Written by  David J Morse and John Beckett, Solutions Performance Analysis, and Mukund Khatri, Server Advanced Engineering

When most customers think of Dell’s 12th Generation PowerEdge servers, they focus on the impressive advances in core count, memory speed and capacity, I/O capabilities, and enhanced iDRAC management interfaces.   Most of these advances show the greatest benefit in applications where the focus is increased throughput.  However, there are a growing number of customers who evaluate server platforms in a different manner altogether.  These organizations, primarily in financial services industry, are interested not so much in how much total work can be done on a server at any given time, but how quickly individual requests can be sent and received across high speed networks, and how predictable the overall response time of the system is across all the processor cores.

For these customers, the name of the game is low latency.  They are willing to tweak every BIOS knob, research every Operating System service, and optimize their environments to gain even a tiny advantage in overall system latency.  These customers have had great success with Dell’s previous generation of servers, and have eagerly evaluated new Dell 12th Generation PowerEdge offerings to understand the advantages that the new architecture provides to their environments. 

The default values in the Dell BIOS were chosen to provide the best blend of high performance and power efficiency.  These defaults, while appropriate for the vast majority of customers, can be optimized for low latency environments.

In order to assist these customers in making the correct choices, Dell Server Advanced Engineering and System Performance team members have researched all of the BIOS knobs available on 12th Generation servers in order to provide a “best-case” set of tunings for low latency environments.  These optimal BIOS tunings will be a great place to start for these low latency customers, and could save them days of testing to find these combinations on their own.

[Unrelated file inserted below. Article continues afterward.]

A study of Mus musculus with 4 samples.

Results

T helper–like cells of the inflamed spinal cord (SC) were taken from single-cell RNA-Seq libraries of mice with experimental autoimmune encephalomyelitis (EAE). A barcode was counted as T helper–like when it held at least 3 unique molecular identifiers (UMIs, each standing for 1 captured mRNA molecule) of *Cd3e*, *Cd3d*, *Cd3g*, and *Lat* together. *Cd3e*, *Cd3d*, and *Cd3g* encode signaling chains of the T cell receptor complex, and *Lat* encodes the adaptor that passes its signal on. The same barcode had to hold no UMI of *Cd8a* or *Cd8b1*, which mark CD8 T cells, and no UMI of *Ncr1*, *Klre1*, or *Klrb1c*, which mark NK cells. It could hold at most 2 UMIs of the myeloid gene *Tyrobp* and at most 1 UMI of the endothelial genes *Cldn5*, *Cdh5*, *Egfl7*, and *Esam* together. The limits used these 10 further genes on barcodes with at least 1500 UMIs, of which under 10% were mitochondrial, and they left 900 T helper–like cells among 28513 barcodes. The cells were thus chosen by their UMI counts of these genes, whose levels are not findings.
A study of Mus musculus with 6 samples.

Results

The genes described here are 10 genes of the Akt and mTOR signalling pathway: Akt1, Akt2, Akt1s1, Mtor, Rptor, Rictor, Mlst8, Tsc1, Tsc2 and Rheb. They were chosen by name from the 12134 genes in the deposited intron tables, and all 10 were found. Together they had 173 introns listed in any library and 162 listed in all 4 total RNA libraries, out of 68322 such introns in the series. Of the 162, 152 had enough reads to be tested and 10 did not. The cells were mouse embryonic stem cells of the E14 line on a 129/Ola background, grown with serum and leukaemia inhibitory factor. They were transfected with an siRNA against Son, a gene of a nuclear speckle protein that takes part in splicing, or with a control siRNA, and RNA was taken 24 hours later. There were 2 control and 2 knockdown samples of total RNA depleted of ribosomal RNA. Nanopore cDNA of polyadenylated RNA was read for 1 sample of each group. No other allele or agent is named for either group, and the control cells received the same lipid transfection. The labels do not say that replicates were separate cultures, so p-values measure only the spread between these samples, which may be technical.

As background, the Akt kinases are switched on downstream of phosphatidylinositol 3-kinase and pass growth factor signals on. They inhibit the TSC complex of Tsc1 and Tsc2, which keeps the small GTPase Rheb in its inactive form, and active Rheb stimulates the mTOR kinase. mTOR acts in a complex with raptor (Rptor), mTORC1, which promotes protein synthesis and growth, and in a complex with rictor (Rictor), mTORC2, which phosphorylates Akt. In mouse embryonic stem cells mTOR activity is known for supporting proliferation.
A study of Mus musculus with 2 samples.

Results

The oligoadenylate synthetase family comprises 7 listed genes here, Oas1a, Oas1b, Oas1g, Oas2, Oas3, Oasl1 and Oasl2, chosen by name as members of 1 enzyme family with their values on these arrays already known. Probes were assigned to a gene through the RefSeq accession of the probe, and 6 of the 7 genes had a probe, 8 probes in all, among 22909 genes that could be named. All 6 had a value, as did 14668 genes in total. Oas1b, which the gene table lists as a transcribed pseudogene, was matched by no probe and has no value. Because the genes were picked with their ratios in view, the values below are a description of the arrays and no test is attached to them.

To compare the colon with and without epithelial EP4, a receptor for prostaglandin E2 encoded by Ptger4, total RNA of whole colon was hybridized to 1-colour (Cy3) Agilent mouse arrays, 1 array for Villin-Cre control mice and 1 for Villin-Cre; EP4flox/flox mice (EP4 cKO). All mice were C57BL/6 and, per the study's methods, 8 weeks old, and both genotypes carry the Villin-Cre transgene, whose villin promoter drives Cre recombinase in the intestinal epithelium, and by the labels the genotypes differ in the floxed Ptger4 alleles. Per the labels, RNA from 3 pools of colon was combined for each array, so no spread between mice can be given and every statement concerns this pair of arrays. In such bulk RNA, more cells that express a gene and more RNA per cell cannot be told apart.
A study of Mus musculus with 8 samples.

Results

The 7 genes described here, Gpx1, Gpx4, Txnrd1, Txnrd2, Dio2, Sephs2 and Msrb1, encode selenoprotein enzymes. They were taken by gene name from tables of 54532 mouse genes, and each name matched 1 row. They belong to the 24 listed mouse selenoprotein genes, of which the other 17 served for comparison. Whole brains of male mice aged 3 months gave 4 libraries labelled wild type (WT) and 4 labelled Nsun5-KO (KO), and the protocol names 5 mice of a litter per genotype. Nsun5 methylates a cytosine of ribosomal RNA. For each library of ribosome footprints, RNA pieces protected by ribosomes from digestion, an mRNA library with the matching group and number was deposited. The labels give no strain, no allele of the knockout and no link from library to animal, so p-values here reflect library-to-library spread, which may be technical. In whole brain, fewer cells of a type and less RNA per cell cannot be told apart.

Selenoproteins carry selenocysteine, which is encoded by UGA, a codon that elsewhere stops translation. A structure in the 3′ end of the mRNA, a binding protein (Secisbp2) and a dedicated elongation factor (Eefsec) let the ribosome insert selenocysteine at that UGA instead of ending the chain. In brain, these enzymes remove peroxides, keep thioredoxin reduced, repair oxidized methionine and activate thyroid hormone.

We approached the testing from two perspectives:  to evaluate impacts on lowest latency ping pong tests over a high speed specialized network adapter, and evaluating response times across all cores to ensure the response times were consistently minimized.  After days of testing and validation, we have rolled our findings into a whitepaper entitled Configuring  Low-Latency Environments on Dell 12th Generation PowerEdge Servers.

Something we are sure will interest these customers is the behavior of Intel Turbo Technology v2.0 , as compared with the previous generation.  The new implementation of Turbo for the Intel Xeon E5-2600 series of processors is considerably more consistent in providing frequency uplift, and the ability to sustain higher frequencies is improved over previous generations.  Although Turbo was beneficial in some of our testing, we still recommend Turbo be disabled, since we can’t know the details of every customer’s thermal environment which may impact the operation of Turbo mode.  We do, however, encourage customers to experiment with Turbo mode for themselves, as we expect there will be some cases where leaving Turbo Mode enabled may provide benefits.

We hope that these customers will take the time to evaluate our whitepaper, and let us know in the comments if it was helpful for their use cases.